Annual Wreaths Across America event at Arlington National Cemetery back on after backlash over cancellation

Annual Wreaths Across America event at Arlington National Cemetery back on after backlash over cancellation

“The Secretary of the Army has directed Arlington National Cemetery to safely host Wreaths Across America,” the Army said in a statement Tuesday afternoon. “We appreciate the families and visitors who take time to honor and remember those who are laid to rest at our nation’s most hallowed ground.”

The Army added that the cemetery would be issuing “an update on the final schedule soon.” 


"It will now go on!" he added.

Wreaths Across America first announced Monday evening the cancellation of the event, in which volunteers lay wreaths at the tombstones of veterans. The organization wrote in a statement shared on Twitter that it was “shocked by this unexpected turn of events.” 


Rep. Dan CrenshawDaniel CrenshawGOP seeks Biden referendum over vaccine mandates The Memo: Biden comes out punching on COVID-19 The Hill's 12:30 Report - Presented by AT&T - Texas's near abortion ban takes effect MORE (R-Texas), a former Navy SEAL officer, responded to the announcement Monday by tweeting that the cancellation “must be reversed immediately.”

“Critical thinking must win out over emotion,” he added. “Large areas, outside and well spaced, with masks on, is perfectly safe. Our fallen deserve to be remembered.”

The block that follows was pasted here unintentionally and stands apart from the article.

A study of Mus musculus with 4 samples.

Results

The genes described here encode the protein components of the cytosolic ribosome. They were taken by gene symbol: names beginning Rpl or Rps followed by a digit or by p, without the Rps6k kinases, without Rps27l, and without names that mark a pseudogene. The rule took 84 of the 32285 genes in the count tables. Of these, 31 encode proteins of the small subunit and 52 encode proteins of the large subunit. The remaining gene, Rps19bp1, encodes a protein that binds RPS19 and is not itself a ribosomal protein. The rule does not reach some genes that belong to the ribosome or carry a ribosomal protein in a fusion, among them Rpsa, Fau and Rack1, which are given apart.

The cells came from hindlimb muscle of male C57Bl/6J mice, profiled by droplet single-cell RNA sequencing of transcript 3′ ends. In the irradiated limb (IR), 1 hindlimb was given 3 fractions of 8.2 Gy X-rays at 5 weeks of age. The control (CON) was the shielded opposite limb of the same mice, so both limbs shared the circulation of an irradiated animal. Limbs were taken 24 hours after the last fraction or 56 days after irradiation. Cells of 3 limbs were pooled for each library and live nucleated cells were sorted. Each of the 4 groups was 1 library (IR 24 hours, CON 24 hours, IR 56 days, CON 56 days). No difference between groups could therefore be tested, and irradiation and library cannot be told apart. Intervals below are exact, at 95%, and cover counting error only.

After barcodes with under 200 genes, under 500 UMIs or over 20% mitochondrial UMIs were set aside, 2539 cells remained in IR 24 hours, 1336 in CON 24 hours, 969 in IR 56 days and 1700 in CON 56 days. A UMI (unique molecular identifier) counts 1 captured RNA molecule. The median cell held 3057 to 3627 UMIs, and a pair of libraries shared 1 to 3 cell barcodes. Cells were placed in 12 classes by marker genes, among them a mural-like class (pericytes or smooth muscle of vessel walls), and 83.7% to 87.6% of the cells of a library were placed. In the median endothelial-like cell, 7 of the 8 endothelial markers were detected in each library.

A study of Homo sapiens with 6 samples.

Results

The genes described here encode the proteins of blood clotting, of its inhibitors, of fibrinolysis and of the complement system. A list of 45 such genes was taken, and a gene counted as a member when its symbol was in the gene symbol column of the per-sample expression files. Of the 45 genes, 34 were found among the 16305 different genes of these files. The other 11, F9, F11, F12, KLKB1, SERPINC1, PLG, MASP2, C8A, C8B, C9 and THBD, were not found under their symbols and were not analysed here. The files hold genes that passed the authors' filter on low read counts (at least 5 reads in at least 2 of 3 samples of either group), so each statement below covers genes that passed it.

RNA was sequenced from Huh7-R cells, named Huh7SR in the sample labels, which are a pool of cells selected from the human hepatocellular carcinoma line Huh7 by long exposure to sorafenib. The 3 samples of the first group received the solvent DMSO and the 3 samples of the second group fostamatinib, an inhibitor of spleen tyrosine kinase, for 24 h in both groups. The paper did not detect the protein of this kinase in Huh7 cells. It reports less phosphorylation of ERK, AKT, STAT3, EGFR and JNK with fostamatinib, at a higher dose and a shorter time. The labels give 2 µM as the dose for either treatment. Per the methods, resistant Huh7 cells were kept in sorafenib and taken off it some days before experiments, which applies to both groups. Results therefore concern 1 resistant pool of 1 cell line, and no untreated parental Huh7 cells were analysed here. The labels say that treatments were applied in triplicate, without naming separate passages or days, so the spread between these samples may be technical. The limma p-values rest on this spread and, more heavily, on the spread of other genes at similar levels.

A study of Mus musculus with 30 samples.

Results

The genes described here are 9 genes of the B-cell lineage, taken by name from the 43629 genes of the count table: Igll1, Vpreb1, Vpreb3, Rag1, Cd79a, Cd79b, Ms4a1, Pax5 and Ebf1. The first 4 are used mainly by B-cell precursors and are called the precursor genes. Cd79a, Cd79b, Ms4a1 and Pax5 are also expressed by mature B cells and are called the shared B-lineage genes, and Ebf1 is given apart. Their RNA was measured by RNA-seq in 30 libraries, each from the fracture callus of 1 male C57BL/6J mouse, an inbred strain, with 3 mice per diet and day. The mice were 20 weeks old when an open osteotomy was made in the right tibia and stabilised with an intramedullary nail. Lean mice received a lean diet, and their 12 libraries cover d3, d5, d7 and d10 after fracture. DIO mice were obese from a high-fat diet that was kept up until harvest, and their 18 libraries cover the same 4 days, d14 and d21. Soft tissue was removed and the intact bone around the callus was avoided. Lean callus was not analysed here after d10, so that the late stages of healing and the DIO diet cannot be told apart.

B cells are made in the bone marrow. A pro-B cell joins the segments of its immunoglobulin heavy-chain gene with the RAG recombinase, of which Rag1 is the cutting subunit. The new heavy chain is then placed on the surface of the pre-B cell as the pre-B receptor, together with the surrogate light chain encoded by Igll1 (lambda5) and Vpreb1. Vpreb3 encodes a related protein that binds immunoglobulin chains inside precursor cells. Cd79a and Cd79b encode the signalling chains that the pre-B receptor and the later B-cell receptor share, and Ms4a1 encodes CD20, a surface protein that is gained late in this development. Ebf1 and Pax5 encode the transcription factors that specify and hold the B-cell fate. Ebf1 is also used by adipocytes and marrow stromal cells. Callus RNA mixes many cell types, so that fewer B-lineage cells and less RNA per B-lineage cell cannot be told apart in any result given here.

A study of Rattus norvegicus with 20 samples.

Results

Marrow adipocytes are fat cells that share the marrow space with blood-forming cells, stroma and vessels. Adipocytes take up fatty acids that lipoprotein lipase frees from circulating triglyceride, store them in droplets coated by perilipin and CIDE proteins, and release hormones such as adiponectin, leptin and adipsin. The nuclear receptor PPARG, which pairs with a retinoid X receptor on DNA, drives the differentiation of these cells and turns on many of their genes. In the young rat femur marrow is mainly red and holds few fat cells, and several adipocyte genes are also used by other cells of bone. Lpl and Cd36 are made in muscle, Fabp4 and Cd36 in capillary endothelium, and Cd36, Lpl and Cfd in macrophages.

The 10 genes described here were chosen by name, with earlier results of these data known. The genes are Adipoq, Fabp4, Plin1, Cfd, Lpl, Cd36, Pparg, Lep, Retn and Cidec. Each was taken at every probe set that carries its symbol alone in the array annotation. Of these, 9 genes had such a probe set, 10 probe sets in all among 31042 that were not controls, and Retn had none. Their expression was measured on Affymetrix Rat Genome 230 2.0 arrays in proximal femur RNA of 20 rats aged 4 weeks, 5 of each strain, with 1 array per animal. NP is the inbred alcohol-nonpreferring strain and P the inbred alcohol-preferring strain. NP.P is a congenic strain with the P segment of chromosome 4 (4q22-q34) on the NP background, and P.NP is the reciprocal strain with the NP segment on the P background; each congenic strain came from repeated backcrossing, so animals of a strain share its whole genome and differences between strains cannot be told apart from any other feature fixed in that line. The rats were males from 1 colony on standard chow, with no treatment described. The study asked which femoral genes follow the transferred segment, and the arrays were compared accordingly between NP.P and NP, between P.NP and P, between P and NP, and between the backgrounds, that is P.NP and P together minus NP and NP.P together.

On Tuesday, Crenshaw wrote “reverse your decision” in response to a tweet from Arlington National Cemetery announcing the cancellation of the Dec. 19 event there, as well as at the Soldiers’ and Airmen’s Home National Cemetery. 

Republican Sen. Tom CottonTom Bryant CottonOvernight Defense & National Security — Milley becomes lightning rod Joint Chiefs Chairman Milley becomes lightning rod on right Overnight Energy & Environment — Presented by Climate Power — Senate Democrats ding Biden energy proposal MORE (Ark.) had also criticized the cancellation, tweeting Tuesday morning, “I encourage Army leaders to reconsider this decision.” 

“Thousands of people have marched in DC streets the past couple weekends for Joe BidenJoe BidenOvernight Defense & National Security — Milley becomes lightning rod Democrats hope Biden can flip Manchin and Sinema On The Money — Presented by Wells Fargo — Democrats advance tax plan through hurdles MORE and Donald Trump,” Cotton added. “Surely volunteers can responsibly place wreaths on the graves of our fallen heroes at Arlington.”